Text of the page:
Do Sellers Have to Disclose if a House is Haunted or Someone Died in It?
Recently, a friend of mine posted a very interesting question on Facebook. She asked something along the lines of, "If you know a house is haunted, do you have to disclose the haunting when you sell it?"
Hmmm, loaded question, huh? Some people believe in ghosts and spirits - some do not. And it's believed that some people are more sensitive to the dealings of the "other world." What you experience in a house might never be noticed by another occupant.
But, there's a legal question too. And, it doesn't just apply to hauntings. Unfortunately, sometimes houses are the site of tragedies which include loss of life. So, are you required to disclose any of these things when you sell a residence?
I asked my mother-in-law, Elaine Sollars, who is a realtor for F.C. Tucker Emge Realtors. Apparently, the laws are different in every state.
In the state of Indiana, you are not required to disclose if you think a house is haunted or if someone died in the home but you may not misrepresent or lie if a potential buyer asks. Indiana’s Residential Real Estate Disclosure Law, Ind. Code §32-21-5-2 requires sellers of residential property to complete a standard form which asks about building structure - and doesn't mention strange paranormal activity. It does require that the seller disclose if the house was once used as a meth lab. Well, that's... good!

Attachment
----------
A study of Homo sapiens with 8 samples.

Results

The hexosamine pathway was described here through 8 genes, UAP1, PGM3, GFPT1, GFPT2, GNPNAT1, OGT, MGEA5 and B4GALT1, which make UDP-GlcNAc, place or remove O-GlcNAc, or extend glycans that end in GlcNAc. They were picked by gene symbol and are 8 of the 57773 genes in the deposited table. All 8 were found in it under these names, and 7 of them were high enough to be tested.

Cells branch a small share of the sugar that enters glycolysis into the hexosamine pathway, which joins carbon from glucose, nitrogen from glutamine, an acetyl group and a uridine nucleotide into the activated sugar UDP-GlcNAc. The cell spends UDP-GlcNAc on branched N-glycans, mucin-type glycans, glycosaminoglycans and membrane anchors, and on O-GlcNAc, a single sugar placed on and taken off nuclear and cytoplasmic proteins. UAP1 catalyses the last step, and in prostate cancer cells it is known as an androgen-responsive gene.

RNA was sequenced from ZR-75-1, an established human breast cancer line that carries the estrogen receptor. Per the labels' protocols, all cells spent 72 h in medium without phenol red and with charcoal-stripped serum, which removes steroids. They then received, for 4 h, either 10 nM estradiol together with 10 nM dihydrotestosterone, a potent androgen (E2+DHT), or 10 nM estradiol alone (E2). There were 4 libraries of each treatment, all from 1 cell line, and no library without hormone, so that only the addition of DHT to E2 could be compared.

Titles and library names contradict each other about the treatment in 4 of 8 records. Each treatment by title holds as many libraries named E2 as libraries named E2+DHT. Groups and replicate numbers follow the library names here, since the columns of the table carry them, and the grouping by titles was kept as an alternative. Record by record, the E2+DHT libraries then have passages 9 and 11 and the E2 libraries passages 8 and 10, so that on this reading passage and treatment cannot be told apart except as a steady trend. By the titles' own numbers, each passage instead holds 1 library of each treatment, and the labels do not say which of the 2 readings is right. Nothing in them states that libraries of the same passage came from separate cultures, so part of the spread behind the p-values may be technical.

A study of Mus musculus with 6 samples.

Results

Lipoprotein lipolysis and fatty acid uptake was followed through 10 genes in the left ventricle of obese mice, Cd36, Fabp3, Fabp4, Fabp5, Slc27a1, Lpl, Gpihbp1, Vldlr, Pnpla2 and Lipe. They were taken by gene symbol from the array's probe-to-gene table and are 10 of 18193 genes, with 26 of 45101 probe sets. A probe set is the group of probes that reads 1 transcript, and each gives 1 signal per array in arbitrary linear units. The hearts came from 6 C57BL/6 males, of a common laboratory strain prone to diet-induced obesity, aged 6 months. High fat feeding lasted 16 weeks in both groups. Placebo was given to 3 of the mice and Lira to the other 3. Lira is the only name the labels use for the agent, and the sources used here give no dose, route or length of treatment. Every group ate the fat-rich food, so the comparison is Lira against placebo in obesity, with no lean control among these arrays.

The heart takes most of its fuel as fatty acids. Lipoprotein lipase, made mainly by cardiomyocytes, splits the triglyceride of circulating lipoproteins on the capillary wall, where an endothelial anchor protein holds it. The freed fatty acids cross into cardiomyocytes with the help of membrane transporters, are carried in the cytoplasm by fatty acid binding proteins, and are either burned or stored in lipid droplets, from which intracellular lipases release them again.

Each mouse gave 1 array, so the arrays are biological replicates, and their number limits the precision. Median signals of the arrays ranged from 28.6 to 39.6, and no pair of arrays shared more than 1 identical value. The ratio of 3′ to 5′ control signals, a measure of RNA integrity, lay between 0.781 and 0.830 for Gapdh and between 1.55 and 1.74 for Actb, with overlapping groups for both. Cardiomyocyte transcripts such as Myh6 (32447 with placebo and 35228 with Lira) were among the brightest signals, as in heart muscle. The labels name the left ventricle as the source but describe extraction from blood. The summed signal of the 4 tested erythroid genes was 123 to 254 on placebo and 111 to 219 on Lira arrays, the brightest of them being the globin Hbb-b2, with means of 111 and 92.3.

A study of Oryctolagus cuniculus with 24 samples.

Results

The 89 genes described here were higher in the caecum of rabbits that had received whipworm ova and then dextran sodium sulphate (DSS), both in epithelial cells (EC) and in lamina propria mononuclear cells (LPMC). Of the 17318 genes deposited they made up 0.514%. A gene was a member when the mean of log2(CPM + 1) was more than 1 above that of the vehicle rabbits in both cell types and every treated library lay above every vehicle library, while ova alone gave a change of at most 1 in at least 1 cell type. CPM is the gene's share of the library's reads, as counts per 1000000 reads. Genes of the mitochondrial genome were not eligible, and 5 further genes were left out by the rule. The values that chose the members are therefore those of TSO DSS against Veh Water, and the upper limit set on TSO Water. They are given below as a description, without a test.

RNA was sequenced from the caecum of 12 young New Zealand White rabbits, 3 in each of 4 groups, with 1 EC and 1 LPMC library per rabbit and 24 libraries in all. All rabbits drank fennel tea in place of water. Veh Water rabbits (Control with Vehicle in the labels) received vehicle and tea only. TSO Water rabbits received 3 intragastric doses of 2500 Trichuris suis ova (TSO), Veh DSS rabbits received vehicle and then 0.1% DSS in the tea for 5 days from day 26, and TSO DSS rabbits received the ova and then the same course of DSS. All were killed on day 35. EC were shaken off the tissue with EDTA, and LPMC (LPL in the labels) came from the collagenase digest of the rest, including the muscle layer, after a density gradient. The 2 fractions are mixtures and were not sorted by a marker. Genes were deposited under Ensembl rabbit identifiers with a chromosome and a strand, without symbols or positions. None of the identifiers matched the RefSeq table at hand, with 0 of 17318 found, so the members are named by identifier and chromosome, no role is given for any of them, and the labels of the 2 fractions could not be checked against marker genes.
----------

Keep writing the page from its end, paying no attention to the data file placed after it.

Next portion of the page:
Kentucky seems to be very similar. The Kentucky Real Estate Commission states, "Since June 24, 2003, KRS 324.162 has governed an agent’s duty to disclose. As a result of that law, real estate agents are not required to disclose, upfront, any stigmas associated with a property, such as a murder, a suicide, or a violent crime that has occurred at the property. However, licensees are still required to answer any and all direct questions in an honest manner, including questions regarding stigmas."
So there you have it. It's the buyer's responsibility to ask the right questions. Buyer beware!